EPA administrator signs memorandum of understanding with China on environmental protection (10/15)
“The United States and China have enjoyed a strong relationship and achieved significant progress in our nearly 30-year partnership on environmental protection. As we celebrate our shared successes, this is a good time for us to also evaluate our collaboration, identify emerging priorities, and sharpen our focus on building a prosperous and healthy future,” said EPA Administrator Lisa P. Jackson. “The global environmental community has learned much in the last 30 years, and MEP has many accomplishments worth recognizing. I look forward to enhancing our collaboration and am proud to renew this historic connection today.”
Under the MOU, EPA will continue to collaborate with China’s Ministry of Environmental Protection (MEP) on the prevention and management of air pollution, water pollution, pollution from persistent organic pollutants and other toxics, hazardous and solid waste, and the development, implementation and enforcement of environmental law.
The MOU, which was a renewal of an MOU that expired in 2008, also provides opportunities distinct from existing agreements on science and technology cooperation and establishes a joint committee that is co-chaired by EPA’s administrator and China’s environmental protection minister. The joint committee meets every two years, and the next meeting will be hosted by Administrator Jackson in Washington, D.C. on November 16-17, 2010. At the meeting, MEP and EPA officials will review progress made during the last two years and approve work plans for the next two years.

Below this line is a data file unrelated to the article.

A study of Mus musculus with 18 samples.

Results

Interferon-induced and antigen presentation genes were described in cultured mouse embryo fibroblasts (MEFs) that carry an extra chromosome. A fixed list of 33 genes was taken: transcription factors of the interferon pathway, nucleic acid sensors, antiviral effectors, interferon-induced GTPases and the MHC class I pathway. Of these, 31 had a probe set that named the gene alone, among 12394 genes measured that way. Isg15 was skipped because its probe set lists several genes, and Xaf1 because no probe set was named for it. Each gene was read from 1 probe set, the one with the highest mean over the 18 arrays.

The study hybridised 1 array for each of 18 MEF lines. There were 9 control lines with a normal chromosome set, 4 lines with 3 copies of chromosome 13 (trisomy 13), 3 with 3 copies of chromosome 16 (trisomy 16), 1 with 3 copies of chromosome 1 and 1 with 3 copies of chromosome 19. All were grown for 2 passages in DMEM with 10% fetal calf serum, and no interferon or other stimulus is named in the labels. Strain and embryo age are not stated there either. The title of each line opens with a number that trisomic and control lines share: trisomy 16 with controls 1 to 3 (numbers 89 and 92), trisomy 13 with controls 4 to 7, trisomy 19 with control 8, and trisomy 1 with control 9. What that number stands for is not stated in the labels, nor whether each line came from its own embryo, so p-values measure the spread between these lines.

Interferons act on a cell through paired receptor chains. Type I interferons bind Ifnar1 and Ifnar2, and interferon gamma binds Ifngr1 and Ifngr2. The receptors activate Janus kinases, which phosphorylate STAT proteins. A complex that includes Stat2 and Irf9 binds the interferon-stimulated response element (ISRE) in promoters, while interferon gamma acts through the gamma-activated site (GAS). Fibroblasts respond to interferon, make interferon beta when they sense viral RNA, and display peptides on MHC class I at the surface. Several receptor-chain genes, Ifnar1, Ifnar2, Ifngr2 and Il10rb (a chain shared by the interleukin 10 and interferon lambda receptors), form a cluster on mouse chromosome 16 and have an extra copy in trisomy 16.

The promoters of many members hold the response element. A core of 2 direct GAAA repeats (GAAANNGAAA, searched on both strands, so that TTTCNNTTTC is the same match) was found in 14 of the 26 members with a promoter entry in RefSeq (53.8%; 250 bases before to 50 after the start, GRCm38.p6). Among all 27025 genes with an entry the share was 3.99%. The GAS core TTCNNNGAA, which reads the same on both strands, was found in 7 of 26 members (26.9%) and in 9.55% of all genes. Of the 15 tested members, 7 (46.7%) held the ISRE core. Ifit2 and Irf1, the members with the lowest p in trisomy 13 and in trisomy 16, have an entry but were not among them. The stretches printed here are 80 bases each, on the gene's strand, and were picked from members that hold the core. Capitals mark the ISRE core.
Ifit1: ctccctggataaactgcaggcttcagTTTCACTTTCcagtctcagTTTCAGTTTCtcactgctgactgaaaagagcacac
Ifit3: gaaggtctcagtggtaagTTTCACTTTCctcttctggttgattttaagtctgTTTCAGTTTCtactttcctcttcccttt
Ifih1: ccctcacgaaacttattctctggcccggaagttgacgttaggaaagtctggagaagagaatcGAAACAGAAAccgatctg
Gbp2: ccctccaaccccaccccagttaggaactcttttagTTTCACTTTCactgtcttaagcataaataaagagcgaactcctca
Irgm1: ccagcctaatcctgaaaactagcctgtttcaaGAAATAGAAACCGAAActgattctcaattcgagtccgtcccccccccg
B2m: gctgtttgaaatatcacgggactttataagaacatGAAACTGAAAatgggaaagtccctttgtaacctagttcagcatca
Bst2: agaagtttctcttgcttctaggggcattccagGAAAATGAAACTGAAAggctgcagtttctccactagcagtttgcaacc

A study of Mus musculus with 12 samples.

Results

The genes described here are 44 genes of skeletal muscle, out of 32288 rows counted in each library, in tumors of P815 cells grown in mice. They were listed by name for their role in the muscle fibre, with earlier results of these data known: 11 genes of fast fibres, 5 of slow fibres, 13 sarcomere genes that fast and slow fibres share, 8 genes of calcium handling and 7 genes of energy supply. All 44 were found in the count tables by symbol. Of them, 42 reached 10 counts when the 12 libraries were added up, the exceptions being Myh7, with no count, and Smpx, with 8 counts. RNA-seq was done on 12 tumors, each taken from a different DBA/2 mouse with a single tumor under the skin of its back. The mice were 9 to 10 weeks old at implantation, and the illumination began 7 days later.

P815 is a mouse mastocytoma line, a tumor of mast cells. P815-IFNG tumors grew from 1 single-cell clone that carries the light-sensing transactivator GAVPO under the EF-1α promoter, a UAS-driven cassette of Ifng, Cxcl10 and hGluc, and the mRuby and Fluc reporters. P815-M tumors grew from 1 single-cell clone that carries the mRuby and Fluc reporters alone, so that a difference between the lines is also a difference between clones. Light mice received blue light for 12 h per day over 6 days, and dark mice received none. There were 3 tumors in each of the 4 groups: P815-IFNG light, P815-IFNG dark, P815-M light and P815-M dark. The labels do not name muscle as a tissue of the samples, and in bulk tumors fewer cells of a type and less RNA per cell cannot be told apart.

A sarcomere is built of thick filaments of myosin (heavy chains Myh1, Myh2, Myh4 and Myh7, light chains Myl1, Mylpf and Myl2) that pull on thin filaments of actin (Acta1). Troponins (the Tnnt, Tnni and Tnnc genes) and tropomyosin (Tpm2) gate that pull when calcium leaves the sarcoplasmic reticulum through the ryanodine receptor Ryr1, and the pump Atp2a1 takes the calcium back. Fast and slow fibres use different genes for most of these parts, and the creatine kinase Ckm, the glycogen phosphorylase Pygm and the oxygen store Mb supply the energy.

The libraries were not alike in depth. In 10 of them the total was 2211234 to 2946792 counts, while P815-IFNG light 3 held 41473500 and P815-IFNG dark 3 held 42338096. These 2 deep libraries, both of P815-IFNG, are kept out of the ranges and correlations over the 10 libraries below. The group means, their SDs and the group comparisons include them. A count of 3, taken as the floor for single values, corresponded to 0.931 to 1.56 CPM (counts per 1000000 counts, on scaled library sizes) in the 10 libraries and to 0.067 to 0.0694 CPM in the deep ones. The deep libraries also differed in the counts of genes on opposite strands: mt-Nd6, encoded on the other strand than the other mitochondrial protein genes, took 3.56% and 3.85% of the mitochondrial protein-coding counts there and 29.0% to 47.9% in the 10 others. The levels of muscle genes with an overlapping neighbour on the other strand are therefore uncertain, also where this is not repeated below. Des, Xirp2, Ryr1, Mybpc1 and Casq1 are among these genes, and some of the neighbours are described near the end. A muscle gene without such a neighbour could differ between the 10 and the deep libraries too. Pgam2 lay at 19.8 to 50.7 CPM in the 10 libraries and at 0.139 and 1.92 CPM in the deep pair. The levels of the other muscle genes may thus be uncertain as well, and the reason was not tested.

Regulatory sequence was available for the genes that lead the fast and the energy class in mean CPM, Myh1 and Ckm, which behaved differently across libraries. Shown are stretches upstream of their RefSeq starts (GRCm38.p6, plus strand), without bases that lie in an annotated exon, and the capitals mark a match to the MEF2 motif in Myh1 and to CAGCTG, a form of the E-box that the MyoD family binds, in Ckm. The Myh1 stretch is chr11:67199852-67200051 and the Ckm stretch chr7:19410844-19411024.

For 30 years, the United States and China have engaged in a wide range of cooperative activities aimed at increasing energy efficiency, reducing emissions of pollutants, toxics, and greenhouse gases, limiting threats to public health caused by pollution, and creating a foundation for long-term environmental sustainability. EPA and MEP have been at the forefront of environmental collaboration and are building on past successes to jointly address current and emerging environmental challenges.